Rammstein's song "Du Hast" apparently means "You Hate", but "You Hate" in German is "Du Hasst". However, "Du Hast" means "You Have" in German. Is "Du Hast" supposed to mean "You Have" or "You Hate"? Is it intentionally spelled incorrectly?
It's an intentional play on words.
When we hear the opening lyrics:
Du Du hast Du hast mich
It's unclear if they're saying "Du hast mich" ("You have me") or "Du hasst mich" ("You hate me").
It's not until the later text:
Du hast mich gefragt Du hast mich gefragt Du hast mich gefragt und ich hab nichts gesagt
That we actually get the real meaning: "You asked me and I said nothing."
So, actually, it's neither "You have me" nor "You hate me." Instead, it's a part of a past-tense construction. Literally, they are saying "You have asked me and I have said nothing."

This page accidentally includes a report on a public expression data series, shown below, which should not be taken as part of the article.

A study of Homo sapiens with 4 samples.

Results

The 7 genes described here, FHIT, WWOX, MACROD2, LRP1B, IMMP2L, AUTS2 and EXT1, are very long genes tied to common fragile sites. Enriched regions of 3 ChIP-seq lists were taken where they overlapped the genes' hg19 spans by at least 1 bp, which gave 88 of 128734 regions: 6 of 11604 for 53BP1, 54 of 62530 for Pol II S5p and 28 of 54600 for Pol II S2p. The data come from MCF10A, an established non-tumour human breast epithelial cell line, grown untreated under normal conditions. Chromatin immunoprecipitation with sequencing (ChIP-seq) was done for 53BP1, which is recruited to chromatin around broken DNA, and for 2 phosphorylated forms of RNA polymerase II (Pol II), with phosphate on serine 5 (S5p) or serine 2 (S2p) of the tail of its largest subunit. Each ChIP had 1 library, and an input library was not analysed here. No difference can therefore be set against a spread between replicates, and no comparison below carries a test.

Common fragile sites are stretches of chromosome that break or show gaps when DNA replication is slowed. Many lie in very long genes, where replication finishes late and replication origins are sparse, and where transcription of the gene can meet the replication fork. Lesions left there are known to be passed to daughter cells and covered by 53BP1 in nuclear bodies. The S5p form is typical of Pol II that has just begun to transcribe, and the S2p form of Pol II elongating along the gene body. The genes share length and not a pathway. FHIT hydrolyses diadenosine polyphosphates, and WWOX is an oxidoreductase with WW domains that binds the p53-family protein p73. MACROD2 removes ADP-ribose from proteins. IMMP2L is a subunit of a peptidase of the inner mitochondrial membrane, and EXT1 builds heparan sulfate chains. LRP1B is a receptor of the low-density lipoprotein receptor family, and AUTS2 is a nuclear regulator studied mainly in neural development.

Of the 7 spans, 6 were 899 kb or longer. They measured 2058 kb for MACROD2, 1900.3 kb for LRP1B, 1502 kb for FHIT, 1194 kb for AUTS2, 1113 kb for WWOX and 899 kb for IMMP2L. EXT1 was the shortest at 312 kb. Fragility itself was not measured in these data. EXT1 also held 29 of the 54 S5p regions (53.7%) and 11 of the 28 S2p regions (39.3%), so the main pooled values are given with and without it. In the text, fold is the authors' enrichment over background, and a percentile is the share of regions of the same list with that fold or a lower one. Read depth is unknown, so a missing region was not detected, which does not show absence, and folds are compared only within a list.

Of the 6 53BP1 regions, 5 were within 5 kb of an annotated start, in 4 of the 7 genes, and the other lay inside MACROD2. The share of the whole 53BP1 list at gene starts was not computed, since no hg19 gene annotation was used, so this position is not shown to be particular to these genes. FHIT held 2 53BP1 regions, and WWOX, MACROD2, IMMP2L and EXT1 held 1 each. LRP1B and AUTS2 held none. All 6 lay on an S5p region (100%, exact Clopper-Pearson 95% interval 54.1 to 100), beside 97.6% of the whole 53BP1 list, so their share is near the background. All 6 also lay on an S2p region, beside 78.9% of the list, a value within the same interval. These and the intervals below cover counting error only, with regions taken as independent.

A calqued translation:
Thou hast me
Thou hast me asked
Thou hast me asked and I have not said
See, English is a lot like German!
I plugged this into a German to English translator and it says:
Du Du hast Du hast mich Du hast mich gefragt Du hast mich gefragt und ich hab nichts gesagt
You... You have... You got me... You asked me... You asked me and I did not say anything...
Seems to me to be a clever play on words. At first it sounds like it's going to be a love song, and then it turns out to be more of a hate song (You're asking me and I'm just ignoring you).
Of course, then the rest of the song:
Willst du bis der tod euch scheidet Treu ihr sein fьare alle tagen Nein! Nein!
Will you until death do you part Be faithful to her? No! No!